NVOCC group asks IMO to clarify implementation of container-weight amendment
U.S. exporters vow to go no further than existing duty to certify weight of cargo, not container.
A group of non-vessel operating common carriers (NVOCCs) have sent an open letter to the International Maritime Organization (IMO) asking how the IMO's 171 member states plan to implement and enforce the upcoming container weight requirements included in the organization's Safety of Life at Sea (SOLAS) treaty.
The members of the "Global Consolidators Working Group," which function in much the same way as ocean freight forwarders, asked the IMO for a "status update" on the requirements, which are scheduled to take effect July 1. Under the requirements, shippers are required to certify in writing the "verified gross mass" (VGM) of a container before it can be loaded aboard a vessel. U.S. exporters have said it is unreasonable for them to certify the total weight of the cargo and container because they don't own or control the equipment.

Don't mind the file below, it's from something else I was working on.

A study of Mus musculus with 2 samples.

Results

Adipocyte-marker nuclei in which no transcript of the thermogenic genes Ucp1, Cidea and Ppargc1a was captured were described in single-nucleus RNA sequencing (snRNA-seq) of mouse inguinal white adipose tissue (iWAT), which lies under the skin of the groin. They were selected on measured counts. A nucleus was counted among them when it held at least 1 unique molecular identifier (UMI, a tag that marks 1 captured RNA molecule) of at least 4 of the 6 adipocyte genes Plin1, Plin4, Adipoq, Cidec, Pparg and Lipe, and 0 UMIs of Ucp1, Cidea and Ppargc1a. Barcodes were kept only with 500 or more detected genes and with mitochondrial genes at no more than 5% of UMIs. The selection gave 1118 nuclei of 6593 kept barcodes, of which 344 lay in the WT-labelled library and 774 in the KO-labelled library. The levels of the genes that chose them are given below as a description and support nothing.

The Agriculture Transportation Coalition (AgTC), which represents U.S. agriculture and forest-products interests, has advised U.S. shippers to abide by existing law requiring them to submit a container's gross weight, which consists of the weight of just the cargo. Certifying a container's tare, or unloaded, weight would be the responsibility of the ship lines, the group said.
The stance of U.S. shipper interests may have been emboldened by comments last week by Rear Adm. Paul Thomas, assistant commandant of prevention policy for the U.S. Coast Guard, which enforces the safety of U.S. seafaring. In a blog post, Thomas said the Coast Guard has no power to apply SOLAS to U.S. shippers and called on shippers and carriers to work out their own policies to ensure safe and efficient maritime trade.
In a letter to members on Thursday, the AgTC said it took Thomas' comments to mean that the status quo is acceptable and there is "no need for delay or change to the current cargo-weight information flow from shipper to carrier." The group vowed that it would "not agree to submit container weight," nor would it "accept legal liability for those container weights."
The SOLAS amendment has the force of law on the member states. The exporter coalition has called on the U.S. government to delay the amendment's implementation until the country's top 15 trading partners have adopted it. However, Thomas, in his post, said a U.S. delay of the rule's implementation would prevent other nations from loading U.S. cargoes aboard their vessels at U.S. ports, thus putting U.S. exporters at a disadvantage.